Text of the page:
Tuesday, March 3, 2009

When we win, what is goal #2

Since 1989, the Lebanese Patriotic Movement has nurtured in a growing majority of the Lebanese population, a national sentiment and rejection of religious segregation. The idea is to replace that with equal respect for all Lebanese. This places the members of that movement a hundred years ahead of the sectarian mafias (March 14th, and out-of-the-blue "centrists") running against it and its allies. Since the tayyar managed to achieve that, and hopefully the Lebanese voters will want to maintain this achievement, it has raised the bar for our expectations. We now want to end 4,000 years of stagnation in our culture, by engaging Lebanese talents in re-creating our society, the same talents that Lebanon has produced and driven to migrate, for millenia, without ever succeeding to attract them to stay home. The book "The Rock of Tanios" by Amin Maalouf (Goncours prize winner) is a recount of such a tale.

What made our culture, and many ancient cultures, repel its own talented people so successfully? Why did we stagnate ever since we had a golden age thousands of years ago? The reasons weren't all external, even if bullying powerful neighboring cultures might have contributed to that. There are internal reasons which I am slowly trying to understand, so we can end this stagnation. Here are a few things I noticed.
In our culture, some people are unaware of how helpful the talent of others can be to them, or perhaps they're reluctant to trust others, and out of ego I suppose try to do it all on their own. They hoard responsibilities and information to achieve this goal, and everyone collectively under-performs as a result. This is common to developing countries it seems. Maybe it's because we're an ancient cultures, and in ancient time success was the result of ruling over others. Collaboration could be a recent concept, historically speaking.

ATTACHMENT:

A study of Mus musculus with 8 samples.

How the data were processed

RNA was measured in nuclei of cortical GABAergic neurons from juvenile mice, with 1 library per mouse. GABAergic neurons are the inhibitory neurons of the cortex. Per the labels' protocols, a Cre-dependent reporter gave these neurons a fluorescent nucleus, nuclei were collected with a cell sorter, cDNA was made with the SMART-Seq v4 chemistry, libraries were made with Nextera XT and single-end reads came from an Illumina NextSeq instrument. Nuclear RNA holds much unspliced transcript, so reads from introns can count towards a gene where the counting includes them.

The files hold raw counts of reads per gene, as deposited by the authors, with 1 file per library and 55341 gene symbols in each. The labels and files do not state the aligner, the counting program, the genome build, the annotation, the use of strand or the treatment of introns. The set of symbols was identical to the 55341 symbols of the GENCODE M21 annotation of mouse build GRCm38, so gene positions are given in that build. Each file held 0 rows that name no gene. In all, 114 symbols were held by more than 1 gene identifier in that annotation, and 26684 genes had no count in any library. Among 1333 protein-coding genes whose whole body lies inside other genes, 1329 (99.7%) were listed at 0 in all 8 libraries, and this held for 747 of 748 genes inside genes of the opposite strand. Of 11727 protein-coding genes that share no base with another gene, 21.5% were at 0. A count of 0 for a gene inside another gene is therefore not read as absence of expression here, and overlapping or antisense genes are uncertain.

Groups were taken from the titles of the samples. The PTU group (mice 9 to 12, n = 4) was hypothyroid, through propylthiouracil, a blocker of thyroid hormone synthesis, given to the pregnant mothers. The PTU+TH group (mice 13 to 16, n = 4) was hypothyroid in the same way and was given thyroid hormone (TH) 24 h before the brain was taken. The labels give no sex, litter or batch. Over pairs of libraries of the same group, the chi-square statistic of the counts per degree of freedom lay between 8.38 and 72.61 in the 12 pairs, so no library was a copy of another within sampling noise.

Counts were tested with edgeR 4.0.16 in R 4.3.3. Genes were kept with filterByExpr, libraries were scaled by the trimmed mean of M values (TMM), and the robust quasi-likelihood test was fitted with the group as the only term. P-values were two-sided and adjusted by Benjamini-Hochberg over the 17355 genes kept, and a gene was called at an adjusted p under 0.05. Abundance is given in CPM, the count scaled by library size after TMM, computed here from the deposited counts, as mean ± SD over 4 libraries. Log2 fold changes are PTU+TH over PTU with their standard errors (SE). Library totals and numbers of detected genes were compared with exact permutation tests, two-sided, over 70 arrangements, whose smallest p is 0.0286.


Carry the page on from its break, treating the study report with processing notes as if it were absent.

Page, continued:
Naturally the priority of the tayyar is to first stop the government's abuse, but once that is done, we can move on to scrutinizing our culture regarding how we work together. We can make it a social goal to learn that supporting others in their work will benefit us as a society every time we do it. I heard this story about an old "opticians gang" in Lebanon that sabotages younger opticians when they open a clinic by spreading rumors about them. I contrast that with a recent meeting with an engineer and professor in the US, who proudly told me of the young student who's business he helped launch. I don't intend to generalize, but what a contrast! Ruling unchallenged versus creating talents all around us. The first motto leads to a stagnating society and the second leads to success for the person receiving support, the one giving it, and society at large.

If we teach our culture to trust and benefit from others' thinking, I can envision a very lively democracy where elected represnetatives engage the voters in every decision, no just the elections. I also envision institutes, private and public, genuinely inviting and trusting talents from the public to solve their problems. I can also picture a thriving patents' office in Lebanon yielding wildly creative technologies, and entrepreneurs and other creative people feeling supported in the Lebanese society, and encouraged to stay and serve it. These are all inexistent at the moment in Lebanon, but the movement that ended a world-supported religious segregation, might just be able to change that.